While we look at wrist watches as a very commonplace accessory now, people usually do not know why it is that we wear the watch, or are supposed to wear it on the left hand. The reason for this can be traced by looking at the history of the wristwatch.
After the mainspring was invented in the 15th century, wrist watches were invented as it was not possible to make these before the invention of the mainspring. Patek Philippe in 1868 invented a portable watch that was intended to be a lady’s bracelet watch. It was thought of as jewellery and was thus “unmanly,” so males did not wear them.
However, in 1904 Cartier was asked by an aviator friend to make a watch that could be used during flights. He invented the Santos wristwatch which was the first wristwatch made for men, and was designed to be practical in use. These became very popular during World War I as officers could use them easily, unlike a pocket watch which was inconvenient.
Since watches were designed to be practical implements to be used while men were working, it made sense to design them to be worn on the left hand, as most people are right handed, so that it would be easy to both hold a weapon and look at the time at the same time.
Furthermore, since early wristwatches had to be wound, they were worn on the left hand with the winding knob facing outwards so that the person wearing it could easily wind it up using their right hand, and not have to face the inconvenience of having to use the wrong hand to wind it up.
Another reason for wearing wristwatches on the left hand is that the watch does not get damaged easily. Since we use our right hand for most actions, if we wore our watches on the right hand we would inevitably end up banging it into things a lot and thus breaking it sooner.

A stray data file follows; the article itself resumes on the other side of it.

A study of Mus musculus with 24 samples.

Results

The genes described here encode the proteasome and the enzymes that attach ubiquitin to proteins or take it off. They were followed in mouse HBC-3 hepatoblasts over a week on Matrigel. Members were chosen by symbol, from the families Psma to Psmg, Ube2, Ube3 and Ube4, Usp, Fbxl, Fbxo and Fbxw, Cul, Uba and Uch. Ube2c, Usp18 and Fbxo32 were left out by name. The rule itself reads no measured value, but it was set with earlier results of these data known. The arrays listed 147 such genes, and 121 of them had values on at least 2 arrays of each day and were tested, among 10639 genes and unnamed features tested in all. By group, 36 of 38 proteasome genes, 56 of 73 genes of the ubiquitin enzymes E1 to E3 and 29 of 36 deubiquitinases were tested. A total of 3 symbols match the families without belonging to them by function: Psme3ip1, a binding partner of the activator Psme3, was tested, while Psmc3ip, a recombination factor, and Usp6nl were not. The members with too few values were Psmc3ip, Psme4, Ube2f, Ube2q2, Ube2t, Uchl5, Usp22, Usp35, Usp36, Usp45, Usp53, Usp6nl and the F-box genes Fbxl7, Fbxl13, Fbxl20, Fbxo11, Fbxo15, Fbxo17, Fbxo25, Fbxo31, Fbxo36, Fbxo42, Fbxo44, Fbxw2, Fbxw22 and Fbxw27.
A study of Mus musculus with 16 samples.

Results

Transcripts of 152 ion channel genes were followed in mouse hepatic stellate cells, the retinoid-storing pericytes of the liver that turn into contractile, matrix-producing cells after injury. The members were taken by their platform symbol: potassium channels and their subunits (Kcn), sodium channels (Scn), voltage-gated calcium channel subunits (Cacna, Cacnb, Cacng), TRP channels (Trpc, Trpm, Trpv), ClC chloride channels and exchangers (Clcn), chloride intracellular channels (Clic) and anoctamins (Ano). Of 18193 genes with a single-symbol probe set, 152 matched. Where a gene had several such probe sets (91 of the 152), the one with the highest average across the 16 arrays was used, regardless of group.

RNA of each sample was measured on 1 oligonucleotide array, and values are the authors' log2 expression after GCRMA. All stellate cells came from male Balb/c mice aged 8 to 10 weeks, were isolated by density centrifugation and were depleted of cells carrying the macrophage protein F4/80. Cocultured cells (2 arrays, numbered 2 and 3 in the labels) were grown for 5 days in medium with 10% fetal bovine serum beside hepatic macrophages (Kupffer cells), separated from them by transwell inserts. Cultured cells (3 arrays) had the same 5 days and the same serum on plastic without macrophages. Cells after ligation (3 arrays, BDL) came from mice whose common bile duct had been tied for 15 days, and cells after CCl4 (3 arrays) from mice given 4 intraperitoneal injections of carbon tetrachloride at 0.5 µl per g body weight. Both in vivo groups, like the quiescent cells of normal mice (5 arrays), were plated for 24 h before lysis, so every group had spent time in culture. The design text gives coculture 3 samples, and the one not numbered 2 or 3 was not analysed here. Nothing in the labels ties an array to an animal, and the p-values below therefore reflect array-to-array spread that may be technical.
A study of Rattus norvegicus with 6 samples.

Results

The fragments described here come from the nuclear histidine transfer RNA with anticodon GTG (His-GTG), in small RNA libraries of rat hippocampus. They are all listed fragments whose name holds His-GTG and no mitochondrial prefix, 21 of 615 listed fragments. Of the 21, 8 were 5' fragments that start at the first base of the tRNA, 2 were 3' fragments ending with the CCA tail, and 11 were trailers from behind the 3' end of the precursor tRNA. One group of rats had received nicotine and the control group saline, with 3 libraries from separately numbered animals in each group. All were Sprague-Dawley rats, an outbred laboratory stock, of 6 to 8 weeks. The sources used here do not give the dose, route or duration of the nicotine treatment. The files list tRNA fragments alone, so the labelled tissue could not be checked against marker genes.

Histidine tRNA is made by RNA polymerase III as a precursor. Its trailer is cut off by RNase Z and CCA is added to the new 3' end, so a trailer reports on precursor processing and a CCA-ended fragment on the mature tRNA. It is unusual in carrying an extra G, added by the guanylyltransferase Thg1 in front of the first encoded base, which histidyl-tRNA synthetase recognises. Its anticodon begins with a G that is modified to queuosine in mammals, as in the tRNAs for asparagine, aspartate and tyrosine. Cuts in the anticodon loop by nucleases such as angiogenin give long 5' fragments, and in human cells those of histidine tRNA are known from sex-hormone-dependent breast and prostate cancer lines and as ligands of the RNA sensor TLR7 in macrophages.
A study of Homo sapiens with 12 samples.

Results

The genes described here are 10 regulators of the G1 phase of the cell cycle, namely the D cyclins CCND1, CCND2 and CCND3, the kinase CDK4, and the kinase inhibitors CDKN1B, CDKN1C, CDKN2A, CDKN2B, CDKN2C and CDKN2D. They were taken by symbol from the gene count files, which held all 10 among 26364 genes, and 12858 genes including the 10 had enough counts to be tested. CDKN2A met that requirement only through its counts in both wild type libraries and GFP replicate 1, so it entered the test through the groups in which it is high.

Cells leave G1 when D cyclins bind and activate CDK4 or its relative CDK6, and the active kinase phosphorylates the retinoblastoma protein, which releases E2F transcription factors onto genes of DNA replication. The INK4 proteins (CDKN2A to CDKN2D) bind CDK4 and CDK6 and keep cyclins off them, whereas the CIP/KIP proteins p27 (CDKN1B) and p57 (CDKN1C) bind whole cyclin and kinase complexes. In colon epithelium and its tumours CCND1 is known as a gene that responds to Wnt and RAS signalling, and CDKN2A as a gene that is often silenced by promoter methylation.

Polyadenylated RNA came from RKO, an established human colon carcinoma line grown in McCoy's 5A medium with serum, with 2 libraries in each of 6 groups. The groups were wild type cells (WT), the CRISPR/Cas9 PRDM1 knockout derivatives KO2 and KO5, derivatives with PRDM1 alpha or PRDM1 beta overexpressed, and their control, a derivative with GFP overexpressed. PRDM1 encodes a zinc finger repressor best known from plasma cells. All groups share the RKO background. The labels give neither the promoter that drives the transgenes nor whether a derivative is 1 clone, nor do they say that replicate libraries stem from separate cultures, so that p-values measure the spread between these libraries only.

Finally, it is possible that the arm the watch was made for was based simply on the whim of the first inventors of the wristwatch.
Regardless of the reason, people nowadays wear the watch on whatever hand seems more convenient to them. Professionals such as construction workers, doctors’ etc wear watches on left hand, while many other people choose to wear the watch on the right hand. Of course, left-handed people now wear watches on the right hand since it is more convenient for them.
Since, there is now “right” arm to wear the watch on; they are now made so that they can be worn on either warm. Modern wristwatches do not need to be wound, thus making it possible to wear them on whichever arm is more convenient for the owner of the watch, regardless of what history may have to say on the topic.